Cath Bowtell jumps to federal politics

The current Executive Director of WorkSafe, Cath Bowtell, has confirmed that she will contest a seat in the Australian Parliament, according to The Age and AAP reports on 6 July 2010.

As previously stated, this move sets some challenges for WorkSafe Victoria.  The Acting Executive Director following John Merritt’s departure, Stan Krpan, put in his notice shortly after Bowtell’s appointment was announce several months ago.  It was rumoured that one of the labour law firms would snatch him up and although Steve Bell is establishing his own identity at Freehills, the firm lost a major brand advantage when Barry Sherriff left for Norton Rose.

There is no doubt that Bowtell fits the Labor Party needs of the Melbourne electorate but her departure must unsettle WorkSafe.  It now needs to go through the recruitment process again just as the federal government’s OHS harmonisation program is hitting its second phase.  WorkSafe’s HR people must be tossing up whether to choice another candidate with a strong social conscience but, barely hidden political ambitions, or to look again for an appointment from its own ranks.

Perhaps it needs to look to the small and sometimes dubious pool of Australian safety professionals.  The profession itself is traditionally conservative but at least they may be ready to serve the principles of safety instead of self interest.

Perhaps, WorkSafe should look overseas.  John Lacey, former President of UK’s Institute of Occupational Health & Safety, has been a regular visitor to Victoria for over a decade and maybe he could be induced to relocate, even for a 5 year contract.  It would be tempting to look for candidates from outside the political circuits in Australia.

Kevin Jones

reservoir, victoria, australia
Categories executives, government, OHS, politics, safety, Uncategorized, WorkSafeTags , , , ,

4 thoughts on “Cath Bowtell jumps to federal politics”

  1. Hi Kevin.
    Fantastic article. In my opion Worksafe victoria recruit the wrong canditates to not only the senior positions but Inspectotrate position . They favor canditates with genreal management background as opposed to OHS . As a health and safety representaive I now have to seek assistance from the ministers office due to incorrect decisions made by worksafe and the inspectors. My experince and that of other HSRs is that Worksafe is mor keen on of disempowering workers and their representaives rather than ensuring our health and safety. This is because they donot have people in the senior postions who have the leadership skills to provide the direction and drive that is required for OHS safety . Rather favoring to appoint canadiates to mange change within the organisation.

  2. You will be aware of the new UK Coalition Governments proposals to review H&S Regulation with a particular emphasis on the advice being given by so called safety \’consultants\’.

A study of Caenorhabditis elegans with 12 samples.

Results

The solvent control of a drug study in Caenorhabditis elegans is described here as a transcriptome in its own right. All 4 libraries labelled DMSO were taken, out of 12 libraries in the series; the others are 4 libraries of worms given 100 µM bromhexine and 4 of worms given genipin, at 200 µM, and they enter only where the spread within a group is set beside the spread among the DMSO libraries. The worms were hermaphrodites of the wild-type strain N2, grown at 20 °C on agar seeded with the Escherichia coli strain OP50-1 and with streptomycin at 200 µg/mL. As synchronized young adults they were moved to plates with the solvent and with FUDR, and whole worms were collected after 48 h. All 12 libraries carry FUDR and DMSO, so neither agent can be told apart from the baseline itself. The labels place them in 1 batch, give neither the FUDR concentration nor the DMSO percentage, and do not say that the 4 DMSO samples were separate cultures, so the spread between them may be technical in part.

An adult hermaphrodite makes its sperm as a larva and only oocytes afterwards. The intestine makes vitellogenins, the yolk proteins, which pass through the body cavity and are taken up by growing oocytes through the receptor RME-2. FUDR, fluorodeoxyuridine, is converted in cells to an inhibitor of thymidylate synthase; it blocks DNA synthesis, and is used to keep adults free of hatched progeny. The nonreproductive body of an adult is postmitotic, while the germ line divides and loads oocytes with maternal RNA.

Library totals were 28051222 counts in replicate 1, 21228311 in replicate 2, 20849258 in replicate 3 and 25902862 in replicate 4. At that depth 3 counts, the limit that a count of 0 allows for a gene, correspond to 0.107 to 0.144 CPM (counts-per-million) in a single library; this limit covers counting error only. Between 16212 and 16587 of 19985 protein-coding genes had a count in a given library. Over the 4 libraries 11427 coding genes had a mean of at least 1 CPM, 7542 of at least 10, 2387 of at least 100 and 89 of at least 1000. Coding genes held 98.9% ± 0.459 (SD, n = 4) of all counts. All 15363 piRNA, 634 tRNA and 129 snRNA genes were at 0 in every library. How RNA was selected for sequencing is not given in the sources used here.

The situation you describe in Oz is seen (at least by the new government) to be the same in the UK in regard to some elements of \’dubious\’ within the ranks.

    You may have seen this article already but it gives a summary of Lord Young\’s speech at IOSH 10 where he is calling on IOSH to lobby for accreditation of safety practitioners to be put into law rather than just the code of conduct that IOSH has in place now. He is slightly confused (he is an Old Tory) but you can see his intent.

  3. \”small and sometimes dubious\”………..Intriguing comment Kevin.

    Can you elaborate?

    I note your suggestion for appointing from the UK.

    Are the Aussies not yet sick of all these Poms coming over to take on senior roles in Vic…..?

    1. \”small\”? I think the number of Australian safety professionals is small but over a decade ago in a safety publication the then Safety Institute President estimated well over 10,000 people in Australia calling themselves OHS professionals. I questioned the estimate at the time and was criticised.

      \”dubious\”? I am not sure that the safety profession in Australia would stand up to be a true profession if detailed analysis was applied. I also know that many safety professionals are technically well-qualified but provide advice that is contrary to business imperatives. It might be the \”right\” advice but if there is little chance of it being implemented, is it really useful.

      Also there are a lot of sales people who would consider themselves safety advisers, even safety professionals, but what they really are is a subject matter expert on safety footwear or lanyards or bullying controls or policy development.

      The challenge is to reduce the \”dubious\” without becoming \”elitist\”. Government is not interested in the differentiation and no safety association has the resources to meet the challenge.